As the economy improves, retailers are spending more money, generating improved sales for retailers. This has helped spur an increase of interest in the retail real estate sector by investors, and transactions are starting to take place again. For good properties in well-located areas, competition is getting very strong. Gary Goodman, vice president of acquisitions at Passco Cos., talked to us about this new reality.
GlobeSt.com: How much more competition are you seeing to buy shopping centers?
Gary Goodman: The competition has increased pretty dramatically in the last 12 months. With the economy continuing to improve and job growth beginning to gain traction, combined with retailers starting to report improved sales, it seems that we’ve passed reaching the bottom. It doesn’t look like it’s going to get any worse. Everybody likes to buy when the market is the lowest and it seems as if it’s at that point. And if we’re beyond that, the market will begin attracting a lot more attention.
GlobeSt.com: Are there any new buyers entering the market, or is it the usual players?
Goodman: It’s the usual players that are active in the market but they have ramped up their efforts. The REITs have definitely increased their interest in buying and private equity has entered the market more actively than before. It’s a combination of that activity.
GlobeSt.com: Are only the class A, core centers getting attention, or are other types of assets garnering interest?
Goodman: The grocery anchored, destination centers continue to be the preferred retail centers because they are tried and true. For the last 20 years, they have the best track record. With the increasing threat of online sales, there is even more focus on those kinds of properties. They don’t compete with internet sales. There is also some interest going beyond that now, as the market broadens and more buyers enter in that can’t get the yield they would like for the most conservative destination centers. The buyers will broaden their parameters to look at centers that aren’t as destination-oriented just to get the yield.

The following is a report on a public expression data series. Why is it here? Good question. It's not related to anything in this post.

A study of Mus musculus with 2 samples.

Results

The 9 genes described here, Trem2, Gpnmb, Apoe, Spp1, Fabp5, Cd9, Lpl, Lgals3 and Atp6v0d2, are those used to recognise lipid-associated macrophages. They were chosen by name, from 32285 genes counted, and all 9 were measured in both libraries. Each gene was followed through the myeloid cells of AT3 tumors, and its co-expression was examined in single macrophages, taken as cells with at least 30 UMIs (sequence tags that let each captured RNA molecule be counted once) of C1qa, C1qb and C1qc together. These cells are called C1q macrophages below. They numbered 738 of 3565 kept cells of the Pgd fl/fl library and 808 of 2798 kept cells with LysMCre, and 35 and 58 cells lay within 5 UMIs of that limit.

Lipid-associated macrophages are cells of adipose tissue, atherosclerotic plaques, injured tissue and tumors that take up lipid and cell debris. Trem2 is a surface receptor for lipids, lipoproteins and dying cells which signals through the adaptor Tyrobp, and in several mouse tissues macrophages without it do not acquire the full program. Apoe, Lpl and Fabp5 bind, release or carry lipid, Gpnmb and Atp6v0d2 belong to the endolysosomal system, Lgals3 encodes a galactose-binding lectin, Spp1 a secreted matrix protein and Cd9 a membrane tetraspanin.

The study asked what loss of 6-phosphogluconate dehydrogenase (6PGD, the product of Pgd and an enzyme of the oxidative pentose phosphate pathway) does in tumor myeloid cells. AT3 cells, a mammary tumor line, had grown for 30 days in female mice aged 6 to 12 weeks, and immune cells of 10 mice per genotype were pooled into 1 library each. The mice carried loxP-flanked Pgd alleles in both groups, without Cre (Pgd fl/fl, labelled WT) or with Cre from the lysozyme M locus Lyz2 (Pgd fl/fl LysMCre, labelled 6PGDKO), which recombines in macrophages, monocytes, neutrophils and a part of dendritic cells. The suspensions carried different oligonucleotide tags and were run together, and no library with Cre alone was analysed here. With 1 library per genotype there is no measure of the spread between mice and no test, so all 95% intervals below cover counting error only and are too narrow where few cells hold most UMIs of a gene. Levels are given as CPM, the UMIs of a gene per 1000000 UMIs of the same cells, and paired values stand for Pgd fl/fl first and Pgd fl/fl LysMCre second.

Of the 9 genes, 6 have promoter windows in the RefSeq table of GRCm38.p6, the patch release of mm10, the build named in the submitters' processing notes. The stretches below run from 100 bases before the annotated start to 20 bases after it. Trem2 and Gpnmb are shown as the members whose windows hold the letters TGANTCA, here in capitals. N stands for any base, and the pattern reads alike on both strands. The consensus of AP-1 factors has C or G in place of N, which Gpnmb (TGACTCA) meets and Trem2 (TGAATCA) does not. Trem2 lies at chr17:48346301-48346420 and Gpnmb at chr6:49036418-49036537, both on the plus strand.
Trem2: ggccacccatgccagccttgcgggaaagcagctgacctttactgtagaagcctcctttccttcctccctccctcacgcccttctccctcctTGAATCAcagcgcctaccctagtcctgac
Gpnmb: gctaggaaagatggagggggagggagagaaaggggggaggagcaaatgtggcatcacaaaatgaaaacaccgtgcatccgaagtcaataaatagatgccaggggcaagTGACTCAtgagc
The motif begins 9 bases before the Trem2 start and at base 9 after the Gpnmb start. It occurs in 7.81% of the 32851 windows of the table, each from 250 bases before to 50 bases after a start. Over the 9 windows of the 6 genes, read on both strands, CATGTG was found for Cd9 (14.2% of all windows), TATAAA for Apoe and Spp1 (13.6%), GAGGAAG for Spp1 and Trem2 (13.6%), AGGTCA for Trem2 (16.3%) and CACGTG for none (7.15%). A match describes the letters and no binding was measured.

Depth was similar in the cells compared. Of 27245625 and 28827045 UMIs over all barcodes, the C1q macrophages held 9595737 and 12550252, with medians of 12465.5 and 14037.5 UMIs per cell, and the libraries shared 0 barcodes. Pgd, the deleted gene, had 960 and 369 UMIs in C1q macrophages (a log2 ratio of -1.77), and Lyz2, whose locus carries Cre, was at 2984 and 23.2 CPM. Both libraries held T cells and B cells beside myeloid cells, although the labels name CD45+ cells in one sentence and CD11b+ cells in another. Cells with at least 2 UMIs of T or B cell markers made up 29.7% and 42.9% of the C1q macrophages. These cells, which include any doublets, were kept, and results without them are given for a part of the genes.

GlobeSt.com: Your portfolio is across the country. Where are the hot areas right now as far as acquisition activity goes?
Goodman: We’re focused on primary and secondary markets throughout the US. Passco owns a diverse commercial real estate including multifamily, in many cities throughout the country. Ideally, we would like to focus on the markets where we already own real estate. It makes our job of asset and property management easier to have some familiarity with those markets. The gateway cities are the most sought after, but the secondary and tertiary markets are getting a lot of play too. With retail particularly, it’s really more about the specific locations in each city than it is about the cities themselves. You can be in a very unexciting city with limited population or job growth, but if you’ve got the best location and tenant mix in town, your center is going to be gold. We’re more focused on specific locations within desirable areas rather than those markets themselves.
GlobeSt.com: You have an acquisition target of $250 million. Are you pretty confident that you can hit that number given the growing competition from other buyers?
Goodman: We feel confident that we can hit our target acquisition goal this year. Given the increase in competition, it will be challenging but there is very strong investor interest. Passco has a strong reputation and is well known with sellers, developers and brokers who have had positive experiences with us.
GlobeSt.com: RECon is a strong indicator of how the retail real estate industry is holding up. How did the show go for you and what did the mood seem like there?
Goodman: The mood At RECon this year was much better than it has been in the last five years. Passco always does well at the show with our asset-management group and often sign many new leases. At this year’s conference, our asset-management group reported that there were a lot of tenants approaching us that we had not talked to in the past and that were interested in expanding. The indications are that tenants are looking for new sites, much more so than they were even a year ago. We also had a number of sellers and brokers that expressed an interest in selling properties and others were looking for properties to buy. There is a lot of interest in buying, selling and leasing – more than we have seen in years past.
This article was originally published on GlobeSt.com.